Container traffic on the decline at Mombasa port

Monday May 18 2020

Containers at the Port of Mombasa on January 7, 2020. The Port of Mombasa recorded a 2.1 per cent decline in container traffic in the first quarter of this year. PHOTO | FILE | NATION MEDIA GROUP


The Port of Mombasa recorded a 2.1 per cent decline in container traffic in the first quarter of this year compared with the same period last year. This casts doubts on the goal of attaining a 35.9 million tonnes total throughput and 1.49 million twenty foot equivalent units (TEUs) target in 2020 as stated in the Kenya Ports Authority’s Master Plan.

In a report released last week by the Northern Corridor Transit and Transport Co-ordination Authority, the Covid-19 pandemic was cited as the reason behind the drop from 110,790 TEUs handled in February 2019 to 108,958 TEUs recorded in February this year.

China, which was the first to report Covid-19 cases, is among the top trading partners with Kenya and contributes 29.2 per cent of the full import containers or 9.9 per cent of the total cargo throughput handled in Mombasa as per 2019 port statistics.


Big container liners from China and several bulk carriers cancelled their normal calls in the first quarter due to the virus. Exports were also curtailed due to restrictions in Europe, USA and other export markets in a bid to stem the spread of the virus.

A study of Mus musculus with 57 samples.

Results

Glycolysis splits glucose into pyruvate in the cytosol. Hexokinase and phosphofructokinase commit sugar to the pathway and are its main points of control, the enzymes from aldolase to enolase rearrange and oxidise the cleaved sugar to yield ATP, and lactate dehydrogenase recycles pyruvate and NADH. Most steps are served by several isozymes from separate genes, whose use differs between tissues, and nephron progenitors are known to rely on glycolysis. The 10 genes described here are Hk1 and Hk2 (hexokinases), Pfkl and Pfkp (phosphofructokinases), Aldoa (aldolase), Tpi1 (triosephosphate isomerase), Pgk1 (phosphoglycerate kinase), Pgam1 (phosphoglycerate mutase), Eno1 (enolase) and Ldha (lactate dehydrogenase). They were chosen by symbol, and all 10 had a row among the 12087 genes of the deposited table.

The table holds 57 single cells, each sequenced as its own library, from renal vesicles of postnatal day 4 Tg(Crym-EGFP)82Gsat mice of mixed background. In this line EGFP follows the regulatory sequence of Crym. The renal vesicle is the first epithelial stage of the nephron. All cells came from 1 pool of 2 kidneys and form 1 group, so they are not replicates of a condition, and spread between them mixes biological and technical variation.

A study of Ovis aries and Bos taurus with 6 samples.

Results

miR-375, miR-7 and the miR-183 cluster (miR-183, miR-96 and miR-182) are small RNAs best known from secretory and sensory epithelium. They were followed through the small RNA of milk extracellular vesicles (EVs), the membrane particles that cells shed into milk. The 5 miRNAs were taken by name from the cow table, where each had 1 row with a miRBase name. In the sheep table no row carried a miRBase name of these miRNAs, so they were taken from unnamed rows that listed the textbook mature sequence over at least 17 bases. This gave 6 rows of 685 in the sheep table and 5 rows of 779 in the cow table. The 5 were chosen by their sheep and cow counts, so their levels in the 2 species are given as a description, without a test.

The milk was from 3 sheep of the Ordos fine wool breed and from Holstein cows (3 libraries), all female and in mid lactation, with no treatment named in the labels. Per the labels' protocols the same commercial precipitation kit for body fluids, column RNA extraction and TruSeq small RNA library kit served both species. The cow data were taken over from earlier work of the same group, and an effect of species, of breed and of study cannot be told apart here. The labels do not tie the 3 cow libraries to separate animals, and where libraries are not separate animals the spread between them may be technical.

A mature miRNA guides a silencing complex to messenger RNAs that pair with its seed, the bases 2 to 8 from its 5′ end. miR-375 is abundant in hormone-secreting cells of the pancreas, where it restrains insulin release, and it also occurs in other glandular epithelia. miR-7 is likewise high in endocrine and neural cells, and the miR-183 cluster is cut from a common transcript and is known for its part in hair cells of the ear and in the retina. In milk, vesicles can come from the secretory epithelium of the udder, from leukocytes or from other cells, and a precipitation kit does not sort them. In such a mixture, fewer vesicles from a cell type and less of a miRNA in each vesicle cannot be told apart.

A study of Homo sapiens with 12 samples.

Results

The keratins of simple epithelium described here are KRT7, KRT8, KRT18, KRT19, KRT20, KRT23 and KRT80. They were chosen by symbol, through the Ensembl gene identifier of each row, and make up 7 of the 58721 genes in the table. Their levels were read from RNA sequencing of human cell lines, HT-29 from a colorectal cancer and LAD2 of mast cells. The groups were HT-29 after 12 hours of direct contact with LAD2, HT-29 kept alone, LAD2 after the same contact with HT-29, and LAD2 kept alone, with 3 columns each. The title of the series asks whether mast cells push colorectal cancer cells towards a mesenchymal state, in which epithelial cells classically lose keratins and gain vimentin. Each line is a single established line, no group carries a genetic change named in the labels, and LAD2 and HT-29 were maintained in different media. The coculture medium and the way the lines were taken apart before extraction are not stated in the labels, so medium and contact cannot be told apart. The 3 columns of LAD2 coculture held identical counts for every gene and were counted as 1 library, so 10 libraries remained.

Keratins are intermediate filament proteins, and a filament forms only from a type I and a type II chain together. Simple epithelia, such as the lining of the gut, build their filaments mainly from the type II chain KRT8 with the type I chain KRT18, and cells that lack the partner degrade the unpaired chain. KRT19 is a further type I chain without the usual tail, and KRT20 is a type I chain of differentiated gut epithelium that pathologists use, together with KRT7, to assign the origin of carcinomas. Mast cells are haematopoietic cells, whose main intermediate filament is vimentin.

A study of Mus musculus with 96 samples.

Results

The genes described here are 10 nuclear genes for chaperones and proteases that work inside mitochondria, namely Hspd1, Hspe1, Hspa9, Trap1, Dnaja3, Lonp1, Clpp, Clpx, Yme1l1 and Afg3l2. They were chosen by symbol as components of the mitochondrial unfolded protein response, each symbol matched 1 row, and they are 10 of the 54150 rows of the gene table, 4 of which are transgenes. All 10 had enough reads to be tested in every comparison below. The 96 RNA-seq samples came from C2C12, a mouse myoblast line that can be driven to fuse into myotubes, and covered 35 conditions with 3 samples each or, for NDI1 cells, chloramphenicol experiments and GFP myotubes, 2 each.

The report titled, Mombasa Port and Northern Corridor Community Charter analysis report on the impact of the Covid-19 pandemic on port performance and productivity, said that the volume of cargo handled at the Inland Container Depot Nairobi (ICDN) declined from 31,516 TEUs recorded in March 2019 to 26,200 TEUs this year.


The report added that the overall ship turnaround increased from 3.2 days in February 2019 to 3.6 days in March due to delays at the port caused by a lean workforce and shorter working hours due to a nationwide curfew.

Despite fewer vessels calling at the port, the Covid-19 pandemic led to stringent measures introduced to protect dock workers and increased the documentation process as vessels waited to be cleared.

The cargo dwell time for transit goods was compounded by shortages of the Regional Electronic Tracking Systems (RECTS) affixed on transit containers by Kenya Revenue Authority (KRA).

Transporters were taking up to four days in the port waiting for RECTS, which increased truck turnaround time from 8.7 hours to 11.7 hours.